The Buccaneers can save themselves in free agency.
If you’re a player in Tampa right now, your main goal is to win another Super Bowl. The Buccaneers already proved they could reach these heights after just one season in the Tom Brady era, and the current goal is to go for broke again.
In short, the players that stay care about winning above the money, not that one is better than the other. At the end of the day, this is a job first, and the players have to take care of themselves.
If any Buccaneer free agents decided to walk away during free agency, that is more than within their right. They have already won a Super Bowl with a team that should have never been in that position in the first place, and now is their time to relish the massive paychecks they have earned.
For the sake of reason, let’s say that the Buccaneers need approximately 40 million dollars in 2021 alone to pay Lavonte David, Chris Godwin, and Shaquil Barrett. This doesn’t even consider the free agents to fill depth roles, rookies, or anything else.
Thirty to forty million dollars for these three players will indicate some contracts that are heavily backloaded or structured in a way that will take the pressure off of 2021, but that is not outside of the realm of possibility.
As it stands with the projected 180 million dollar cap ceiling, the Bucs have just shy of 12 million dollars, according to overthecap.com. That number could go as high as 15 or 16 million as early as today, but these are currently just estimates.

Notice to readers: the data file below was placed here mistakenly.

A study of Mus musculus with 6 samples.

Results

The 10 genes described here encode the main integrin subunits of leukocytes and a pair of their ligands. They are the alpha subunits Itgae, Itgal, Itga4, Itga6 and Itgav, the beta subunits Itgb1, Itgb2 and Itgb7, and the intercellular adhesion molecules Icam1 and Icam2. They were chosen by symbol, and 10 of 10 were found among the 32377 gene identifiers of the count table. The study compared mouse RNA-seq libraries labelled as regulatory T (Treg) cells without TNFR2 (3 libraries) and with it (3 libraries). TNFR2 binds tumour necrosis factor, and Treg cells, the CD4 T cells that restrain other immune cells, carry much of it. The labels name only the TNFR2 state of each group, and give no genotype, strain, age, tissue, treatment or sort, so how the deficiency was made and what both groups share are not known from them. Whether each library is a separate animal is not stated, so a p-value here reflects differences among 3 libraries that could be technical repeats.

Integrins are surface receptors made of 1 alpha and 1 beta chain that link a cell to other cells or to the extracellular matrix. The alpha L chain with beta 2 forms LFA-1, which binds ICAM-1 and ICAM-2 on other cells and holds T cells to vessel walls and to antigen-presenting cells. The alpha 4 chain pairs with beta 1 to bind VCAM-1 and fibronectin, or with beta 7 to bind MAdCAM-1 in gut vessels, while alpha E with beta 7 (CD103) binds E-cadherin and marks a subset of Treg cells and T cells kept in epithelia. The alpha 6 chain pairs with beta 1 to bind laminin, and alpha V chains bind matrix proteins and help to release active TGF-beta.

Without addressing rookies or any of the glaring needs (of which there are plenty), the Buccaneers will need to find approximately 18 to 28 million dollars in the current cap just to bring back their top three free agents.
The Buccaneers have to rely on their stars
The Buccaneer front office has shown the ability to “find” this extra money in the past, but the easiest way to pull this off is to have some of the pricier options restructure their contracts.
Mike Evans and Tom Brady are two prime candidates to free up some cash. Brady, who is likely going to sign an extension with the Bucs, could backload his contract more and kick the can down the road with a team-friendly deal now.
Evans, who should also retire as a Buccaneer, is another player that the Bucs can work around, especially considering that he has already come out as willing to work around the money now.
These two don’t have to make these decisions, it would be entirely voluntary, but their selflessness would keep the Buccaneers in contention without having to let one of their big names walk.
Brady and Evans wouldn’t be enough on their own, but the Buccaneers could get around 15-16 million dollars in space by playing with these two contracts alone. This much money probably wouldn’t be enough to re-sign everyone for 2021, but it would undoubtedly be a great start.
As the cap information comes out today, Tampa Bay should have a much better understanding of how to move forward with this challenging process.